By Lillian Hanson, Student Intern
The quick answer is "both" and there are even some sheep who have a combination of wool and hair. But there's much more to a sheep's coat and we're using our "lambs" Zane and Zander to illustrate the intricacies.
Although they are fully-grown adults now, Zane and Zander will always be "lambs" to us. Their mother, Shaw, was rescued from the Westport animal cruelty case in 2016, where she lived in horrific conditions and was likely days away from being slaughtered for the annual Feast of the Blessed Sacrament. Their father, Barnaby, came to us as a baby lamb in 2019 after being found tied to a post outside with no shelter, food, or water. He too was days away from being slaughtered for Easter with no care given to his living conditions.
As Barnaby matured, we made sure to schedule an appointment for him to be neutered since we are not in the business of breeding animals. But the veterinarian rescheduled the appointment and during that very short window of time, nature took its course. We never intended for Shaw to become pregnant and it was a shock to all of us. Zane and Zander were this first (and likely last) births at West Place, but considering both parents were not supposed to live, our two "lambs" exemplify how life will continue to find a way to go on despite all obstacles.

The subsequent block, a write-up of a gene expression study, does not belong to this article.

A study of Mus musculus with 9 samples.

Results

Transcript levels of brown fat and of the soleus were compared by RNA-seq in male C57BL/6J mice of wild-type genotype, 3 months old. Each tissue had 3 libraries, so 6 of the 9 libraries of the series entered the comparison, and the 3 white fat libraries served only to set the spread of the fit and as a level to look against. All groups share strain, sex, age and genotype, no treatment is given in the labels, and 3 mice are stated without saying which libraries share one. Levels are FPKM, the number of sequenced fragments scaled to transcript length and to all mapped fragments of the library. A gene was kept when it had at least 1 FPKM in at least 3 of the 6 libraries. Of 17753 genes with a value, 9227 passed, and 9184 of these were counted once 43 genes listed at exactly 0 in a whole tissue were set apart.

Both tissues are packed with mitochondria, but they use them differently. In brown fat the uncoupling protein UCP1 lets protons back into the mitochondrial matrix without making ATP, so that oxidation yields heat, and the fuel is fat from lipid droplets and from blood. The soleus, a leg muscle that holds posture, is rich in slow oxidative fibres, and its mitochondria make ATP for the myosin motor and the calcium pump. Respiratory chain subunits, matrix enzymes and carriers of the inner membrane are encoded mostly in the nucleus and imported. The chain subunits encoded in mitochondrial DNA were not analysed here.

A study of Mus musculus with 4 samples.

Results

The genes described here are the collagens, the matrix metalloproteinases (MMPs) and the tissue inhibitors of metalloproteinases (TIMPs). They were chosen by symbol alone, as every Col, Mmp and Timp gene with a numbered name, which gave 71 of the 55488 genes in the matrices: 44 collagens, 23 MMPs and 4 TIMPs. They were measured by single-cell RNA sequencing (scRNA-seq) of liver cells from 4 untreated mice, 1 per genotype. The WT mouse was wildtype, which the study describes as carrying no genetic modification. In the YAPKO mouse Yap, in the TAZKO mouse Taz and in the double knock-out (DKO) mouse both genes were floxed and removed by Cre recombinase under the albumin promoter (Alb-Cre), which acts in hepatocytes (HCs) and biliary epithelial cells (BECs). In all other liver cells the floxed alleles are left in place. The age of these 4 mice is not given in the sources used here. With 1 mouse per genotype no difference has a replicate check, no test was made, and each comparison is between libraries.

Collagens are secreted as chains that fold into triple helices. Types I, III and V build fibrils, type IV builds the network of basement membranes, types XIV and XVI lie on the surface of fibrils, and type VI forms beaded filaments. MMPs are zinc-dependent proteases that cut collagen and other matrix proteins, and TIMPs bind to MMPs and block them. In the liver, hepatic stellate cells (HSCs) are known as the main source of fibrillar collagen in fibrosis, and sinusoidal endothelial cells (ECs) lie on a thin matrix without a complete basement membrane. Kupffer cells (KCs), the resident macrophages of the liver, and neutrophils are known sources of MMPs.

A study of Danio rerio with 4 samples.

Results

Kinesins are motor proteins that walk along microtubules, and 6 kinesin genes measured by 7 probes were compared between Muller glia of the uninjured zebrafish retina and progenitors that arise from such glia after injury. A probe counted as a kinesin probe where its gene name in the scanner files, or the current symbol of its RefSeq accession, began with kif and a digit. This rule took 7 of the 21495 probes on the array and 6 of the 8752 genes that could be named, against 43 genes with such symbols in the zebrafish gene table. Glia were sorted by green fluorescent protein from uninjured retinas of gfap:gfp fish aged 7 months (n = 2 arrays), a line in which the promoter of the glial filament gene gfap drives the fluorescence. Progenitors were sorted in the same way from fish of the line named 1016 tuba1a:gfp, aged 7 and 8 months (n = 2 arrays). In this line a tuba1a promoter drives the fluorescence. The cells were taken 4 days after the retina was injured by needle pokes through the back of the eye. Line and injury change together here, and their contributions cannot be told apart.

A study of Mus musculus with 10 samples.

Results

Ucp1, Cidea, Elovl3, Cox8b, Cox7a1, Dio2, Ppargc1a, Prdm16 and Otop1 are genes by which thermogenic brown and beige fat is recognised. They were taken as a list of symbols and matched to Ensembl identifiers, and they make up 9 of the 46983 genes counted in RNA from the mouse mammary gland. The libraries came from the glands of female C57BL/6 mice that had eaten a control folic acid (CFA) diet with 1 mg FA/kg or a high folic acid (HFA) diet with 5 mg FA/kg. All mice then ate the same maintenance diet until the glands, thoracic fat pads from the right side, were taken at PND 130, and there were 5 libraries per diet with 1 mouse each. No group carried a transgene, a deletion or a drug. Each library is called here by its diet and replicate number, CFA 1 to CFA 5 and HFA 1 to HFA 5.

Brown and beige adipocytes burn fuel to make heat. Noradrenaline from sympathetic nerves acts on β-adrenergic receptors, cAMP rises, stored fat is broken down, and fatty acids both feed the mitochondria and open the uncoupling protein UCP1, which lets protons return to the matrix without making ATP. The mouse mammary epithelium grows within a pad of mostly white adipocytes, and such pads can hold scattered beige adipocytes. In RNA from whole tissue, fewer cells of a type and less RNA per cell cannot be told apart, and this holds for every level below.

Back to the wool vs. hair question . . .
Shaw and Barnaby have two completely different coat types, and their children reflect that! All sheep have two kinds of fiber: hair and wool. Haired sheep, as the name implies, have mostly hair on their coats that grows in the colder months to cover their bodies and keep them warm. Wooly sheep have mostly wool that grows over their bodies in the colder months. Both are fluffy and soft, but they require different maintenance.
Barnaby, a wooly sheep, needs his coat sheared every year to make sure he doesn’t overheat in the summer under all his wool. Shaw is haired and has never needed to be sheared. She sheds her hair in the spring naturally (but her brother Colby is wooly and needs to be sheared). And the kids, Zane and Zander, are an interesting combination. They are technically more haired than wooly, but they each have sections on their coats that grow in a bit more wooly than the rest. So, haired vs. wooly genes act more like a blend instead of one being dominant over the other in mixed offspring.
Next time you see a sheep or come to visit ours, take a good look at their coats to tell if they’re haired, wooly, or a combination!
If you have or would like to have sheep, would you rather have wooly sheep that get a fresh haircut every spring, or haired sheep that shed their extra coat in the spring? Let us know in the comments.
You can sponsor Zane, Zander, Shaw, Colby, or Barnaby for just $75/month. Your sponsorship covers the cost food and supplies, medication and vet visits, and of course shearing for our wooly sheep.